Yale Draws Interest to New Haven's Center
(3/4/2011) (From Wall Street Journal) For more than half a century, the downtown central business district of New Haven, Conn., was a blighted area that students from the nearby Yale University campus routinely avoided.
Today, the area is undergoing a renaissance—reversing a flight to the suburbs and bringing people back to the city for jobs, restaurants and new housing options that have hit the market over the past year.
"Frankly, we've arrived," says Bruce Alexander, a former senior vice president for real-estate development company Rouse Co. who is now Yale's vice president for New Haven, State Affairs and Campus Development.
In the 1950s, residents left New Haven in droves, settling in nearby towns like Woodbridge and Branford. Department stores like Shartenberg's and Macy's, which had anchored the central business district, closed up shop and crime rates shot up.
The area morphed into two downtowns: One for Yale students sticking close to campus and the other that featured pornography outlets and pawn shops.
Boarded-up buildings and empty lots abounded until the late 1990s, when the city encouraged the university to buy 16 downtown properties that had been foreclosed upon by the Federal Deposit Insurance Corp. Yale tapped Mr. Alexander to direct a new real-estate division that today owns 270,000 square feet of office and retail space and 500 apartment units.
Yale is now the city's fifth-largest taxpayer, paying $4.3 million in property taxes last year.
Other real-estate investors took a cue from the university. In the late 1990s, Christopher Nicotra began amassing more than 20 properties in the area in the past decade, turning pawn and porn shops into cellphone stores and law offices.
"Yale is to New Haven as Disney World is to Orlando," says Mr. Nicotra, managing member and president of Olympia Properties, a family-owned real-estate development company. "When we saw what Yale was doing, we started to pay attention."
Drawn by lower rents and access to the university's resources, Yale graduates and other entrepreneurs are choosing for the first time in decades to launch their businesses in New Haven instead of traveling to Boston or New York City.
Perhaps the most visible example is Higher One Inc., a technology and payment company focused on higher education that was founded in 2000 by three Yale undergraduates.
Initially operating out of co-founder Miles Lasater's unheated living room, the company has expanded from three employees to 450 in the past decade.
It moved to a small space in downtown New Haven, where it paid part of its rent in company stock, and then to a building in Science Park, an 80-acre former industrial area. In June, the company launched an initial public offering and in December announced plans for a $45 million project to rehabilitate two vacant local buildings for its new headquarters.
"New Haven provides a good quality of life but is much cheaper than being in New York or Boston," says Mr. Lasater, who recently started holding weekly breakfasts for founders of New Haven-based startups.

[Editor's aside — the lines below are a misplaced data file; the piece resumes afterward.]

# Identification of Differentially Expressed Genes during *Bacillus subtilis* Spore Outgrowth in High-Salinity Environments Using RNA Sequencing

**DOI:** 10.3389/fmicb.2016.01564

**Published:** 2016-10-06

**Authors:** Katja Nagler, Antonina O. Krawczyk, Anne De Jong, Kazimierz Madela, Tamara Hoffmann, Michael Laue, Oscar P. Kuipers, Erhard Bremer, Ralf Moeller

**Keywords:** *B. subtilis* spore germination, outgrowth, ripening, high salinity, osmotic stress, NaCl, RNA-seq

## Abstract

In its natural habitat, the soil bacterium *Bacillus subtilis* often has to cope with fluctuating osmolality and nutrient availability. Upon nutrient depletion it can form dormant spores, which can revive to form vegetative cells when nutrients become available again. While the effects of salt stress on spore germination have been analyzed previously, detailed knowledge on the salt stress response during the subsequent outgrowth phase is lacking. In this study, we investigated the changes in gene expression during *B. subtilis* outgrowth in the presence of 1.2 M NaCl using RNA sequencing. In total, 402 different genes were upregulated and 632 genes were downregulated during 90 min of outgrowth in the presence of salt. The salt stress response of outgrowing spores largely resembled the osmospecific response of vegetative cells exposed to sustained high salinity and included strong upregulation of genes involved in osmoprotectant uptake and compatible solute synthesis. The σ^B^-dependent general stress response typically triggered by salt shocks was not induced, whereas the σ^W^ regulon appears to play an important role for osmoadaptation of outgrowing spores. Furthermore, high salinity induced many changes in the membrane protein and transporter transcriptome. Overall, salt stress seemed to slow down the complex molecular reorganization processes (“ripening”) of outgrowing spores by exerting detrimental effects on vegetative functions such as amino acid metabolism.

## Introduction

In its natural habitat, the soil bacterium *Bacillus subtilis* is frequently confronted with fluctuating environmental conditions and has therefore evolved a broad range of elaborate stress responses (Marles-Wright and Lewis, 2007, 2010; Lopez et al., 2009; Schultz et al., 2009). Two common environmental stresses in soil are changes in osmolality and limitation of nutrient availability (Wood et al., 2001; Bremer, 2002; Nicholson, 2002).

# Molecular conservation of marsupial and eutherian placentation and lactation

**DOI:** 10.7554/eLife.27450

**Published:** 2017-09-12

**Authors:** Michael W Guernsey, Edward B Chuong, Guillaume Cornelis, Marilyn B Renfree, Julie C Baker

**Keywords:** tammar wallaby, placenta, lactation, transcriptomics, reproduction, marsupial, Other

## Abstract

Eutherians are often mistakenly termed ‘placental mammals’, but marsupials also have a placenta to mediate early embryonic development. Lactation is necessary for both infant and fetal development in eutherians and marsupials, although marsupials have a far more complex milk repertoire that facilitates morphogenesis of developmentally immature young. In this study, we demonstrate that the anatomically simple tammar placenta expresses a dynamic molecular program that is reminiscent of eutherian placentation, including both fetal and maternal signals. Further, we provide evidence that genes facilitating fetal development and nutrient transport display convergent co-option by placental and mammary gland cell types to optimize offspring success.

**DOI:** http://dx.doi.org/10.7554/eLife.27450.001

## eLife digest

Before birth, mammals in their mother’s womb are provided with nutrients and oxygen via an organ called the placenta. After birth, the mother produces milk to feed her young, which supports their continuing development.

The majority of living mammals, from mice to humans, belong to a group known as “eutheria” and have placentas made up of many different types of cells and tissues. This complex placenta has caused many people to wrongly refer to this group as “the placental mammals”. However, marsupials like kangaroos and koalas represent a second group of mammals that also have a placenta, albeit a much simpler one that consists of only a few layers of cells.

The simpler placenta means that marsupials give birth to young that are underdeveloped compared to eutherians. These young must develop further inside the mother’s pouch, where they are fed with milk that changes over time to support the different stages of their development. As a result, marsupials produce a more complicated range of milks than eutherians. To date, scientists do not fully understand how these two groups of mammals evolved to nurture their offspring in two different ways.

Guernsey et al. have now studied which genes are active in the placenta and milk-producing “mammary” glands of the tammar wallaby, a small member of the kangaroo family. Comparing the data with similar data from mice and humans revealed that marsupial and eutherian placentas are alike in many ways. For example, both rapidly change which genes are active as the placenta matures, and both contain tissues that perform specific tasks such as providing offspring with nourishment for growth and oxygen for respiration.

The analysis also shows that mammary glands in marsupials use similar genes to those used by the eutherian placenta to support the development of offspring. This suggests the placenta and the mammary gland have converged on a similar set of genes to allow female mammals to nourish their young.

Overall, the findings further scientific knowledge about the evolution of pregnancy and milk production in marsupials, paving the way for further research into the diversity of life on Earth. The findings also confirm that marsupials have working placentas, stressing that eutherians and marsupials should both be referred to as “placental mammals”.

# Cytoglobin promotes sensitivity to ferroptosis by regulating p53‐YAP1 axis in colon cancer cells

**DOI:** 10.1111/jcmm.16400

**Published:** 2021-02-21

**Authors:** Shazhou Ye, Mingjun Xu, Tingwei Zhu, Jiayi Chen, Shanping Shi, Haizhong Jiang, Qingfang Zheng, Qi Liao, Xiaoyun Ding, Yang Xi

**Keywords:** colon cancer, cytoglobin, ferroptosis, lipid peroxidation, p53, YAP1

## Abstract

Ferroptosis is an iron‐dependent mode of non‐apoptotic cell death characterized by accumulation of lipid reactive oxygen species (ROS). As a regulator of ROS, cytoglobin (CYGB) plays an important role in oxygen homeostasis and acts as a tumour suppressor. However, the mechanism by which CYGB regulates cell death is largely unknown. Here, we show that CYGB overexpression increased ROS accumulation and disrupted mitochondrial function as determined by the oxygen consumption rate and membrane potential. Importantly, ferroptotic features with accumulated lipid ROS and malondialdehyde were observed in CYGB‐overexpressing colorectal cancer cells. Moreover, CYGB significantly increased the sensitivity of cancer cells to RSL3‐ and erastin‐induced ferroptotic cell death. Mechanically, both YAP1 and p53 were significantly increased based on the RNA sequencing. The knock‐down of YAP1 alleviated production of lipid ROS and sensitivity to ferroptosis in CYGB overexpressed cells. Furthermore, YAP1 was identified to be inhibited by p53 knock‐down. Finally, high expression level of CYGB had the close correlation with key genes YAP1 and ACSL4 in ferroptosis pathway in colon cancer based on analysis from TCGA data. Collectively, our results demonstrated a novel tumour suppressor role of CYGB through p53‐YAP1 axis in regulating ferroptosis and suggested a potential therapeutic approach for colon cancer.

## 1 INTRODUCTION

Still, the city's renaissance has been slow. Owners of office space hardly benefited from the last decade's real-estate boom: Average effective rent per square foot grew modestly through 2006, peaking at 3.3% in 2007, according to real-estate research firm Reis Inc.
"By contrast, office rents in New York boomed by 25% in 2007 before deflating in 2008 and crashing in 2009," says Victor Calanog, Reis director of research .
The city's average effective rent per square foot of retail space—at $13.72 at the end of 2010—was less than one percentage point higher than it was in 1999, according to Reis. Over the past two years, several local businesses have said they were closing, citing recessionary pressures.
And to revitalize empty storefronts in the city's Ninth Square historic district—an area the city has been trying to jump-start for a quarter century—the city and property owners last summer launched a program called Project Storefronts that provides artists and nonprofits with retail space rent-free and other services to help rejuvenate their operations.
However, vacancies for residential units actually declined in New Haven during the recession, with the rental market getting tighter even as national vacancies set new highs.
In the summer, developer Becker + Becker opened 360 State Street, a $190 million, 500-unit residential rental and retail building on State Street. Today it's nearly 50% occupied and a grocery store plans to open on the building's ground floor this summer
Mr. Nicotra also is aiming to get into the rental game. He has drawn up plans for a 26-story residential building on land Olympia currently operates as a parking lot near the New Haven State Street train station.
Developers say the time is right to add residential buildings to the area.
Gateway Community College is currently building a $200 million campus for about 8,000 students, which will open next year. Meanwhile, Yale is building a new school of management on campus to open in 2013.
"I wouldn't have done this 15 years ago but today, there's demand from people coming in from the suburbs to live in what's becoming a very vibrant city," says Bruce Becker, president of Becker + Becker.